Real Estate And Retirement: 3 Things To Avoid When Buying A Home

Purchasing a home can be a major milestone in your life. It is one of the largest financial decisions you will ever make. While it is exciting to think about buying a home, be sure you put some thought into the future before taking the plunge. Before you sign on the dotted line, be sure to avoid the following in order to secure your future financial freedom:

Pulling Money From Your Retirement Accounts

When you are planning a home purchase, avoid using your retirement accounts as a source of funds for a down payment. Even if you are years away from retirement, using money from a 401(k) or other retirement account can have a very negative impact on your future finances. You will be taxed on any money you draw before a certain age. In addition, pulling money from your retirement accounts lessens the amount of interest that is accruing on your future income, which prevents its growth. If you find that you need to use your retirement for a home purchase, proceed with caution and only do so as a last resort.

Buying Too Much House

It's the American dream—driving up to your gorgeous, large house with the white picket fence out front. This is a lovely thought, but it is not always realistic. The truth is if you are too overzealous with your home purchase, you are risking losing out on your retirement savings. By placing the bulk of your income into mortgage payments, you are not saving as much income for retirement. If you are a new homebuyer and plan to have a family, you also need to think about your future income. Is one of you going to stay home and raise children? If so, the bulk of your take-home pay will be going toward house payments without the ability to save as much for other purposes.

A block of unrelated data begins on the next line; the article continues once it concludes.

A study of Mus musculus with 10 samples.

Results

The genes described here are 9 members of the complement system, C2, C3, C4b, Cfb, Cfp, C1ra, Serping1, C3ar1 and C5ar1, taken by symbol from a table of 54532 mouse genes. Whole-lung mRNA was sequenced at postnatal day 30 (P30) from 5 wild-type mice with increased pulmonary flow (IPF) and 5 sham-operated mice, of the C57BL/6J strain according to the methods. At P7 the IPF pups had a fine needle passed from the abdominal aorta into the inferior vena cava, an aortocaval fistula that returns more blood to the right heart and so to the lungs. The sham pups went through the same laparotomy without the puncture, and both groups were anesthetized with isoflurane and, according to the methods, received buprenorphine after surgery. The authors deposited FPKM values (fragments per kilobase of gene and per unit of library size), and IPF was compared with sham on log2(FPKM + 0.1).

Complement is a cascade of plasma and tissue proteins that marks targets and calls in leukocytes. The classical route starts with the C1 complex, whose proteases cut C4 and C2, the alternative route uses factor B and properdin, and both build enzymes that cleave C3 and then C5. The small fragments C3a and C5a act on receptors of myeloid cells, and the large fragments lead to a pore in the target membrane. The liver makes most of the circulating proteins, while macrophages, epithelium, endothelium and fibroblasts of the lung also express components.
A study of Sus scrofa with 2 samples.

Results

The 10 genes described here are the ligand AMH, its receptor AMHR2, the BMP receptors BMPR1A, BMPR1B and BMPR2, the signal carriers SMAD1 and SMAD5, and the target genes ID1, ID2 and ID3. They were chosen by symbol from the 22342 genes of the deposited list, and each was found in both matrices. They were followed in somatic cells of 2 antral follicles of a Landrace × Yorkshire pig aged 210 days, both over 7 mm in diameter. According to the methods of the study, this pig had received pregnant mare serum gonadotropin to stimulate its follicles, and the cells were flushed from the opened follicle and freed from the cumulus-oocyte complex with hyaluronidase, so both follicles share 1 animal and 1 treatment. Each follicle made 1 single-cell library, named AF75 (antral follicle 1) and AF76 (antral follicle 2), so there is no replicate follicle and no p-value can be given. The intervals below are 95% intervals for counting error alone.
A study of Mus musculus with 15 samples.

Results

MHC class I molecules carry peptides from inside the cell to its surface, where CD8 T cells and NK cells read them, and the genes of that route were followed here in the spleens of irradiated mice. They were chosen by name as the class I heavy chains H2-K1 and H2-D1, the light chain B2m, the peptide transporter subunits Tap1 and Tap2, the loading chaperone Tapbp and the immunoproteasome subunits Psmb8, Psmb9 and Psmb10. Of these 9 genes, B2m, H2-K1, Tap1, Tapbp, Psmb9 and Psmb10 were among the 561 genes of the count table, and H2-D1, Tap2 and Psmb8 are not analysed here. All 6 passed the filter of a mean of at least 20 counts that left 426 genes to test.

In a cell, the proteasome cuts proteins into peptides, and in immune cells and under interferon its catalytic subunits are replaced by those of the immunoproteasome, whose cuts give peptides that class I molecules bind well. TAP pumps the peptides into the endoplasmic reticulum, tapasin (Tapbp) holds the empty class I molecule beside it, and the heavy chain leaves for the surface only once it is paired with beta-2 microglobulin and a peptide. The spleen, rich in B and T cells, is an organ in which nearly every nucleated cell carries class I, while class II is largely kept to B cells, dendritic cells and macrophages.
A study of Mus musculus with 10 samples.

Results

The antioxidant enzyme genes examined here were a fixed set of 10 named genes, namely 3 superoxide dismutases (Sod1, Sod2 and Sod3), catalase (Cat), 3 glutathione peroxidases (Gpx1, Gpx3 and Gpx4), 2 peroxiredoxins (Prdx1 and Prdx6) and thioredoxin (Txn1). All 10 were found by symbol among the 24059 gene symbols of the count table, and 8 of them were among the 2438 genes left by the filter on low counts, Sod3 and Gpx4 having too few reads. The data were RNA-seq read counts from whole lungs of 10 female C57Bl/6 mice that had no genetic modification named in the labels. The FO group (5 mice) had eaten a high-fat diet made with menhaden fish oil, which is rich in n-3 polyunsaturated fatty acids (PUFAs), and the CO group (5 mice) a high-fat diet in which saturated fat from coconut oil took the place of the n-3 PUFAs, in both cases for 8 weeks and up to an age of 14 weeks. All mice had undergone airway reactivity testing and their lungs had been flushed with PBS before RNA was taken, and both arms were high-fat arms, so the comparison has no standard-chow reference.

Paying Your Mortgage Off Quickly

While it can be a major milestone to pay off your mortgage early, it is not always the best idea in terms of planning for retirement. The only time it is ideal to pay your mortgage off early is when you are clear of all other debt, have fully funded emergency funds in place, and have the highest contributions available going into your retirement accounts. If you focus solely on paying off your house, you are going to miss out on some key opportunities to get your "bad" debt paid off. Bad debt would include unsecured debt, such as medical debt, credit cards, and personal loans. Having too much bad debt can be harmful to your financial future, so it is important to focus on clearing it before paying off your home. Contact a business that specializes in real estate transactions to learn how to get into better financial shape before investing in a new home. 

If you are still concerned or have questions about your finances after buying a home, it would be ideal to speak to a financial planner or advisor to provide you with their expertise.